Scripture: Jeremiah 8:18-9:1
My joy is gone, grief is upon me,
   my heart is sick. …
Hark, the cry of my poor people
   from far and wide in the land. …
Is there no balm in Gilead? …
O that my head were a spring of water,
   and my eyes a fountain of tears,
so that I might weep day and night
   for the slain of my poor people!

Last week I attended a gathering with 300 spiritual directors of many different faiths. Before and after the presentations we spent time in silence and prayer. While there, we learned of the shootings at the mosques in New Zealand and the deaths of 50 of our spiritual siblings. Our contemplation and our conversation included words of grief, compassion and encouragement. Prayer and action, piety and justice are inseparable dimensions of our relationship with God and neighbor. I was reminded of what St. Augustine wrote in his Confessions, “You have made us for yourself, O God, and our heart is restless until it finds its rest in you.”

I’ve been pondering a paradox of our faith: God creates us to be at peace with God and one another, and also imbues us with longing, dissatisfaction, and restlessness. In some moments I sense a small portion of peace, of being at home with God. But just when I think maybe I am close to the promised “rest,” I see others who are denied the opportunities I have enjoyed – people of color, people of different gender, orientation, ableness, economic class or educational privilege. God reminds me this business of finding “rest” is not an individual or solitary matter. There is no rest, no salvation, for any of us until there is justice for us all. There is no “us” and “them.” There is only “us.”

Just as I was retiring from pastoral ministry a few years ago, I was asked to take leadership in the effort to end the death penalty in Nebraska. The Legislature had repealed capital punishment, but the Governor was funding a petition campaign for a referendum to reinstate it. I was plunged into two very different kinds of activity. I had never been involved in an election campaign, but now I was working side-by-side with strategists, pollsters, organizers and fundraisers. Nor had I ever met anyone convicted of murder, or anyone whose loved one had been murdered. Now I was visiting with victims’ family members and talking with men on Death Row.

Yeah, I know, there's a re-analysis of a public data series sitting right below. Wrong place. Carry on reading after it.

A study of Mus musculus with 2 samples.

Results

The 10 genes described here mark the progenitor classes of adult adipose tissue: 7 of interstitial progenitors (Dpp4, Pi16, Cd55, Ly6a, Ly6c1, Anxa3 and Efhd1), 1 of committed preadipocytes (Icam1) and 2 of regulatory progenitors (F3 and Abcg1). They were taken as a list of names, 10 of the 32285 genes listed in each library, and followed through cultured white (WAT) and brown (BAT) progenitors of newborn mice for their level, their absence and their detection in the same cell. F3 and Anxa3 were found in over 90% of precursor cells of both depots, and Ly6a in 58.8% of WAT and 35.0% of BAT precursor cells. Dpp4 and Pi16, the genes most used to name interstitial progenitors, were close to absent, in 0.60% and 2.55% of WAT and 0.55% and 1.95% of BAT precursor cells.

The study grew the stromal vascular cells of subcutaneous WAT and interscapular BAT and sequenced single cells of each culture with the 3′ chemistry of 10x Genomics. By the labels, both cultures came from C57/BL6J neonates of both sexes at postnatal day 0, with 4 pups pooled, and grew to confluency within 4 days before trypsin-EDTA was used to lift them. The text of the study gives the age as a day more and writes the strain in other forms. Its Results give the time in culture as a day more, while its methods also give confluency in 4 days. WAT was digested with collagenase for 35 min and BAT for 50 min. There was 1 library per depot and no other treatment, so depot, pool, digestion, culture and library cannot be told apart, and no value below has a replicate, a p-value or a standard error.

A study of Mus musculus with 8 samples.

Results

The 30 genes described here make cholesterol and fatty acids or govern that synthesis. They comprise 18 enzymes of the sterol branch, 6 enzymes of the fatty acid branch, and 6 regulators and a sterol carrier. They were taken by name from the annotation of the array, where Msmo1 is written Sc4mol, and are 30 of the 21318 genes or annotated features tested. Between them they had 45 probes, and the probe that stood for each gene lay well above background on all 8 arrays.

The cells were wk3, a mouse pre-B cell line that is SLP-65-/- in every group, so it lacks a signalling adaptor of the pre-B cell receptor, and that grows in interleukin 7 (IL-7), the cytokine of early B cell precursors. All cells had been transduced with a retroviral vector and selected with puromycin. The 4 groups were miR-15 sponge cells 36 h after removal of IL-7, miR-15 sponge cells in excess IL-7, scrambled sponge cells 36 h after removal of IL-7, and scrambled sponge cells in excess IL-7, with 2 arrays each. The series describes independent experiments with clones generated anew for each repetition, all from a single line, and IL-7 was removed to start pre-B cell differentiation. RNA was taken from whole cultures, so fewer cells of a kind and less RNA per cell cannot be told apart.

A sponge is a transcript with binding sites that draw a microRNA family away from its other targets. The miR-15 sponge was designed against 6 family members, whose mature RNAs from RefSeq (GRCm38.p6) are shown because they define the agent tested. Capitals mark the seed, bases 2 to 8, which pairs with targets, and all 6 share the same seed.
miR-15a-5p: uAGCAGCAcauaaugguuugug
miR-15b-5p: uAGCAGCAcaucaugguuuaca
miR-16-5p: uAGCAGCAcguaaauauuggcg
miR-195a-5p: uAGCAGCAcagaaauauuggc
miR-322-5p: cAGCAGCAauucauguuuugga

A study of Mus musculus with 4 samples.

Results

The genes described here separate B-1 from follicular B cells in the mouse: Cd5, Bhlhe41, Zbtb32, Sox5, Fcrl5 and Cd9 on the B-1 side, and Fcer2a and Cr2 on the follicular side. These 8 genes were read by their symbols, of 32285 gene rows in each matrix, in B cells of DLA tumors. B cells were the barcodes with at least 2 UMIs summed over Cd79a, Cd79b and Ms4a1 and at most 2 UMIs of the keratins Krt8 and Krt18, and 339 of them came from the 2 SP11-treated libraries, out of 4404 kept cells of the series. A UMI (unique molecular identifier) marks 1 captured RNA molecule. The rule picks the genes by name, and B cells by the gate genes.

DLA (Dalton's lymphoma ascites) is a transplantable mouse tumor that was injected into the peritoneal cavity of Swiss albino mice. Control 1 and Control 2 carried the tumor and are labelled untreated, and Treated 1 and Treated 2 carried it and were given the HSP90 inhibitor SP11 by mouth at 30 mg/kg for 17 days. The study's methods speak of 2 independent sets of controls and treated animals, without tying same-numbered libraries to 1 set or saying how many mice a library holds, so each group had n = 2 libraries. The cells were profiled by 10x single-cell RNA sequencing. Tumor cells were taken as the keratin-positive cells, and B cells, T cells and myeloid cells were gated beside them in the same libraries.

I certainly didn’t expect that “retirement” would involve sitting down in my rocking chair and vegging out, but I did assume I would get to rest a bit. Instead, God created new dimensions of restlessness to stir me into renewed action. We lost that election and Nebraska once again is a death penalty state, but the struggle continues. I find myself continuing to work with legislators, organizations and people of faith to shape public policy in ways that move our society toward justice. God keeps luring me to act in ways and for causes I would not have imagined I could.

Prayer: O Holy One, give us tears, give us rage; and give us wisdom and clarity to use our anger and our tears in the service of your peace and your justice.

Rev. Stephen Griffith is a retired member of the Great Plains Conference. He served churches across Nebraska for 35 years, including extended pastorates in Omaha and Lincoln. Steve is a trained spiritual director and mediator and has a long history of advocacy. His involvements include LGBTQ equality, Planned Parenthood, ending the death penalty, advocating for immigrants, fostering interfaith understanding. In MFSA he serves as convener of the Great Plains Chapter, and the South Central Jurisdiction Representative on the Board of Directors.